Minnesota nurses are gearing up to hit the streets as contract negotiations continue to fall short of expectations. Nurses are asking hospital leadership to provide them relief from short staffing concerns, job retention, and improved patient care. It is not just the nurses calling for action to provide better care either, the Minneapolis City Council joined in support with a unanimously approved resolution encouraging hospital employers to reach a fair contract and to “prioritize patients and frontline healthcare workers, including nurses, over profits.”
The hospital executives clearly do not see the value of patients over profits and have continued to push for longer hours and dangerous situations that put more money in their pockets. These actions, and lack of actions, have increased the amount of burnout nurses experience while forcing them into situations that are downright unhealthy. We cannot expect our frontline workers to bear the brunt of a major pandemic while facing catastrophic staffing shortages and an increase in violence in their workplace. These conditions have become so detrimental that nurses at seven hospitals in the Twin Cities and Twin Ports announced on August 2nd that they held a vote of no confidence for the executives and CEO’s.
It would be understandable for the nurses to face contract struggles if they were asking for radical pay increases in a system where money was in short supply, but this is simply not the case in Minnesota. Data from the 2019 IRS 990 tax forms show that hospital executives received up to 3.5 million dollars in compensation. Minnesota’s nurses are not asking for anything near that extreme and have been denied even a meager 8% pay increase from their previous contract. This is an insult to the people who have had to work through short staffing and a pandemic where their very lives were on the line to protect the people of Minnesota. Longer hours, larger workloads, and more dangerous times demand not only a better system of hiring and retention but also compensation for those who must face these challenges.
More than 15,000 nurses will take to the streets on September 12th for a planned 3 day strike with their battle cry demanding hospital executives “put patients over profits.” Hospitals from the Twin Cities to Duluth plan to stand in solidarity as they have become tired of working without a contract. More than 5 months of negotiations stand behind them, and with the executives refusing to meet their demands they are taking decisive action and garnering community support across Minnesota and Wisconsin in their efforts. Signs of support can be seen on lawns across the region, and their union leadership is standing behind them as they cope with their frustrations. “Hospital executives with million-dollar salaries have created a crisis of retention and care in our healthcare system, as more nurses are leaving the bedside, putting quality patient care at risk,” said Mary C. Turner, RN at North Memorial Hospital and President of the Minnesota Nurses Association. “Nurses do not take this decision lightly, but we are determined to take a stand at the bargaining table, and on the sidewalk if necessary, to put patients before profits in our hospitals.”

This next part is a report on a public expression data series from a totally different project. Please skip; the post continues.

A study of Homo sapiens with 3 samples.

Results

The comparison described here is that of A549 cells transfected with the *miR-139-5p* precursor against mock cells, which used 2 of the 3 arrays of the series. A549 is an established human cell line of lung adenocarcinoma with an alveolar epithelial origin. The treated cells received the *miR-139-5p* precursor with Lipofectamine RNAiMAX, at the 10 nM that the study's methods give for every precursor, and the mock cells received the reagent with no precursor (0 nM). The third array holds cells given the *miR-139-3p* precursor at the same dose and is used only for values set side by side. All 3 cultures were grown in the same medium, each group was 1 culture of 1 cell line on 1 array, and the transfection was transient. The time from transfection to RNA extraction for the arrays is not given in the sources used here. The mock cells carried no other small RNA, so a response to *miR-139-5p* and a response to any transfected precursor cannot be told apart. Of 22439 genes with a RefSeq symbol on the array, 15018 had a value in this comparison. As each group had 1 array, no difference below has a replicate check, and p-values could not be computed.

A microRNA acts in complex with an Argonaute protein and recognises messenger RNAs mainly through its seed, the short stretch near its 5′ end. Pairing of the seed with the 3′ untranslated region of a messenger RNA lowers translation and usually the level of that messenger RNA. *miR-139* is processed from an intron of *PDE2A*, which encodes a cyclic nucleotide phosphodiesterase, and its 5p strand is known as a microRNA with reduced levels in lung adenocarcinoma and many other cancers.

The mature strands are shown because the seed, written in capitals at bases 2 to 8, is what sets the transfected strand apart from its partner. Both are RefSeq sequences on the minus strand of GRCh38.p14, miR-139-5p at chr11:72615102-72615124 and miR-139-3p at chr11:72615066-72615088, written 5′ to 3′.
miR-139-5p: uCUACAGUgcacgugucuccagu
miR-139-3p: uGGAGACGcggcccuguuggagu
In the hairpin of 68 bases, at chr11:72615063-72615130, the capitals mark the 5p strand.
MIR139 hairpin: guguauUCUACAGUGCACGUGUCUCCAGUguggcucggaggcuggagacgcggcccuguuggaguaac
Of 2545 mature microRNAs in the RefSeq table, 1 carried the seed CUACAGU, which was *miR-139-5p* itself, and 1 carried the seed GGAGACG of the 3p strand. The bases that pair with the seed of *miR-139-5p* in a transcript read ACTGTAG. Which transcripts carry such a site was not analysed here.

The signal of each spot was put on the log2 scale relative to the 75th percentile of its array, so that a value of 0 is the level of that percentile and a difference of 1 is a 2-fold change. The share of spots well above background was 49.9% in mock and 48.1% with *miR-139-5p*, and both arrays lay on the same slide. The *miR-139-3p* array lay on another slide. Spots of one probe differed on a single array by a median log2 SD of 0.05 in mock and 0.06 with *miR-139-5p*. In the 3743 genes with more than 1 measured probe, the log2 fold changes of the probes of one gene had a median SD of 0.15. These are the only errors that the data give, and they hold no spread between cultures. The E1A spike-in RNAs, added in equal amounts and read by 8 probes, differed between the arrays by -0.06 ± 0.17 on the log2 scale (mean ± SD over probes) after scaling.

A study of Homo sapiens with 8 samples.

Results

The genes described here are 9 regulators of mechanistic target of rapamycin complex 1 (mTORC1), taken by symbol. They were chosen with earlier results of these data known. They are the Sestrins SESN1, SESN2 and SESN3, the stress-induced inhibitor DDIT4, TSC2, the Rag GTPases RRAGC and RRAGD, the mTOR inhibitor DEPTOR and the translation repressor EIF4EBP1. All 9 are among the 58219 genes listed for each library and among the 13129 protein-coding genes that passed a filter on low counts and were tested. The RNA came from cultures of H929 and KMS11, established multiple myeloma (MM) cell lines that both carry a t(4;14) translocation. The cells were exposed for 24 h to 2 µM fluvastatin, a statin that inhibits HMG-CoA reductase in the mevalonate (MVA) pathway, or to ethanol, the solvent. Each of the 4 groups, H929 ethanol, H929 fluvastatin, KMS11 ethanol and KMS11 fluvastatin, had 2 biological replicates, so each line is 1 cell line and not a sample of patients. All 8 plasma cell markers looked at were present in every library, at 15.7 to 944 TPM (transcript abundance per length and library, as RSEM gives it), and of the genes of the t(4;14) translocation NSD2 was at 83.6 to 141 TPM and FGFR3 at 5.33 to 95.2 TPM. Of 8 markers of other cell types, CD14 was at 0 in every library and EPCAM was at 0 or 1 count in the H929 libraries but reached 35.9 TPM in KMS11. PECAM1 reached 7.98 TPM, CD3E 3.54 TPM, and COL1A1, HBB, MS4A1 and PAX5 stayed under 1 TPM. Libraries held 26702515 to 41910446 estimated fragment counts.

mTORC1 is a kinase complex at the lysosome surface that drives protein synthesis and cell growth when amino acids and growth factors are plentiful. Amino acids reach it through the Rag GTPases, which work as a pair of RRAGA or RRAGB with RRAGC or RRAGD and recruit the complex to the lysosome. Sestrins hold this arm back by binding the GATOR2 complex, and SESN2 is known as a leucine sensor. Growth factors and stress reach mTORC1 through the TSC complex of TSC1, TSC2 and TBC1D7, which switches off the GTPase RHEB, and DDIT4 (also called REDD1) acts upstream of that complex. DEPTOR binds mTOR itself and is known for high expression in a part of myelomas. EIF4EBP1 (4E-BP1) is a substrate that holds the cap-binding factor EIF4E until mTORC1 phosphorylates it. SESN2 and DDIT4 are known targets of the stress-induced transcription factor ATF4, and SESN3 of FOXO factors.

With the time for action looming, hospital executives have not paid heed to their nurses or the community but have instead attempted to fight back in foolish attempts to threaten or demean the Minnesota Nurse’s Association. Rather than meeting the nurse’s at the bargaining table, hospital executives attempted to demand that the nurses file a 30-day notice with the state Bureau of Mediation Services (BMS). This is a ridiculous action to try to force as the BMS does not have jurisdiction over private sector employees. Other nurses have even received threats from hospital executives stating they would be locked out after the strike, while some groups received messages trying to encourage them to abolish their union entirely.
The Minnesota Nurse’s Association deserves the support of the public and are fighting not for fairness in the workplace, but for the ability to provide the care that they desperately want to bring to their communities. Our doctor’s and our hospitals would never be able to function without the tireless work of the nurses, and if we neglect these workers we are taking a cornerstone out of our community healthcare.